Assemblywoman Amy Paulin became the latest Democrat in the state Legislature on Monday to back an alteration to the state’s newly enacted cash bail law by adding a judicial discretion component to the legislation.
Paulin, a Westchester County lawmaker, proposed the change to the law that ends cash bail requirements for misdemeanor and non-violent felony charges — a measure approved last year that has sparked an uproar among law enforcement, prosecutors and some elected officials.
“With this amendment, we have the opportunity to adjust the critical bail reforms that were enacted last year,” Paulin said. “Bail reform needed to happen in the interest of justice and equal treatment of accused individuals but we must balance those objectives against the safety and security of our residents. During this time of widespread and increased attacks against the Jewish community, we must do all we can to make all New Yorkers feel safe and protected.”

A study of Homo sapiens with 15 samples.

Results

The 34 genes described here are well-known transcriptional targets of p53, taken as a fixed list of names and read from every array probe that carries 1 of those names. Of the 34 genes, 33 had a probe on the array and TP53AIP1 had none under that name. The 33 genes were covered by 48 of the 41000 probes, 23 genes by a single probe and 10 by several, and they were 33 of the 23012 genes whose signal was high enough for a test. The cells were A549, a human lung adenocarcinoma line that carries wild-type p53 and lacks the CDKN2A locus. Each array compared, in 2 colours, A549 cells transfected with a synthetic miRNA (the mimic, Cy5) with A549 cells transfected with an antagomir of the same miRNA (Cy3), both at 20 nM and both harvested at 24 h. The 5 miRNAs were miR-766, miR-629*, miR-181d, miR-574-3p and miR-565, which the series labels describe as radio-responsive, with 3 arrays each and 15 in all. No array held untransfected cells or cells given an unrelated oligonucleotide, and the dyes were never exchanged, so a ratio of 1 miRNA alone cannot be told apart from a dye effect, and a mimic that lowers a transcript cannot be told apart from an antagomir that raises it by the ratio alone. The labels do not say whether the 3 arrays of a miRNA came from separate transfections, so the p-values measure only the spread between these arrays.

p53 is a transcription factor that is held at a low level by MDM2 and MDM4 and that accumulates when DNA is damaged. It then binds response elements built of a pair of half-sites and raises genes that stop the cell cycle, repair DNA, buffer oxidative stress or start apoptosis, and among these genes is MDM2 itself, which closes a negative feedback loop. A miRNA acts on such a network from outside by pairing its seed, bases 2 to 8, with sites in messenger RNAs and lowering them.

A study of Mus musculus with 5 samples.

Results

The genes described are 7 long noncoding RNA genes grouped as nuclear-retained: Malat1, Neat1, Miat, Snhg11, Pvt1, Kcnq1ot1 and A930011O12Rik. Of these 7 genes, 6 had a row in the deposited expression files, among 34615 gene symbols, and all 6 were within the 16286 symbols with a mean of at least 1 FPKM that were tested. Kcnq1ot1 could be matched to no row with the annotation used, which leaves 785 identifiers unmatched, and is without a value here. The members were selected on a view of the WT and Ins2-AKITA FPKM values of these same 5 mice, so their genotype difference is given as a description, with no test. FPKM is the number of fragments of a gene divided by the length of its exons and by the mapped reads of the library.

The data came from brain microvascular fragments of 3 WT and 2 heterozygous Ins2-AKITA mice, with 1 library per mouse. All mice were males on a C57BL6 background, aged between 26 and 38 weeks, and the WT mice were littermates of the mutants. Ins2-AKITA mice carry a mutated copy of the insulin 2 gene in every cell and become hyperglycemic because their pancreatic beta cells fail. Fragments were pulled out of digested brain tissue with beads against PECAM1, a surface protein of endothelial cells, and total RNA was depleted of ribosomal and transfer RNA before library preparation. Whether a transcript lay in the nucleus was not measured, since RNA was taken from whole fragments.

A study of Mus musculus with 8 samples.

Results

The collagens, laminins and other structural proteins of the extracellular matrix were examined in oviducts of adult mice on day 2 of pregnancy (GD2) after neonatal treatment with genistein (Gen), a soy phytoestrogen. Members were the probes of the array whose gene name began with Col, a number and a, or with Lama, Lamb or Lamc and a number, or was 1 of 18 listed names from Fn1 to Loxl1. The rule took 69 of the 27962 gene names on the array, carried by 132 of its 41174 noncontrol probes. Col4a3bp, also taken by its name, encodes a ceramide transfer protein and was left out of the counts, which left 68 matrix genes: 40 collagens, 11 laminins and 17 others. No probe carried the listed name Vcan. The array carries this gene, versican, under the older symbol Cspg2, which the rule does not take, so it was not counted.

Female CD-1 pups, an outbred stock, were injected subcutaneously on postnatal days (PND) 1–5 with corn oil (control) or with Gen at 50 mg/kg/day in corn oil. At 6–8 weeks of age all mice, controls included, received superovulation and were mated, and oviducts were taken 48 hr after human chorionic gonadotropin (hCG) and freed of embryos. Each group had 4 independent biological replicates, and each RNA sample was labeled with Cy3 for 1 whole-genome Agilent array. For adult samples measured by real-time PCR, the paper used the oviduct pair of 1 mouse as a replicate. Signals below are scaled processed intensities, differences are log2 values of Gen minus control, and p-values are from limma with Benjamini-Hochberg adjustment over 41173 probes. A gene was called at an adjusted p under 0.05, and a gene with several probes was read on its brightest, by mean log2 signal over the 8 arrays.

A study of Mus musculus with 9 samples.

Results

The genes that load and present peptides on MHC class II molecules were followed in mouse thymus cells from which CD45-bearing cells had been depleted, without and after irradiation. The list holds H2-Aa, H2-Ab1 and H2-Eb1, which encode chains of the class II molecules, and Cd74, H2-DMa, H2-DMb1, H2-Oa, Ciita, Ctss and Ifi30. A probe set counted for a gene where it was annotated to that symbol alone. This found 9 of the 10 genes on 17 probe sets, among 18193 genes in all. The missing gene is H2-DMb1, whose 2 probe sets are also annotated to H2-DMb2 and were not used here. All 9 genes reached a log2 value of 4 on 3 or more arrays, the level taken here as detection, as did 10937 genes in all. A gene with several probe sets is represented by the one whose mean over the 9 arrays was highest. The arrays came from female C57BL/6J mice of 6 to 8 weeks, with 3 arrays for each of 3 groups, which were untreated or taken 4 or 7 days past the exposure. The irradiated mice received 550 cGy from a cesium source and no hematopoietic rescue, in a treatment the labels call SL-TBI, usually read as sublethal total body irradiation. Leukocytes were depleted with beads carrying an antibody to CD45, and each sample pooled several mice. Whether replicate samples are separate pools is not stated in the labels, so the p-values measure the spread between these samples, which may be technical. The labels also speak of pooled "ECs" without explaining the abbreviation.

Supporters of ending cash bail contend the measure is meant to ensure poor people accused of crimes are treated the same as people who can afford to meet bail and be released pending trial.
But Republicans over the last several months have sought to press lawmakers in Albany over the issue, pointing to the release of people who have charged of manslaughter and robbery.
“Exactly what we warned against is coming true in cities and towns across the state of New York,” said New York Republican Chairman Nick Langworthy at a news conference on Monday in Albany. “I hate to start off the year to say I told you so, but we kind of find ourselves exactly where we’d though we’d be.”
Paulin’s judicial discretion proposal would allow judges to consider whether a person is too dangerous to be released. Democratic lawmakers, including Sens. Todd Kaminsky and Jim Gaughran, have also backed changes to the cash bail law.
Gov. Andrew Cuomo praised the changes on Monday in speech in New York City, but also opened the door to making alterations in the new legislative session. He did not go into detail.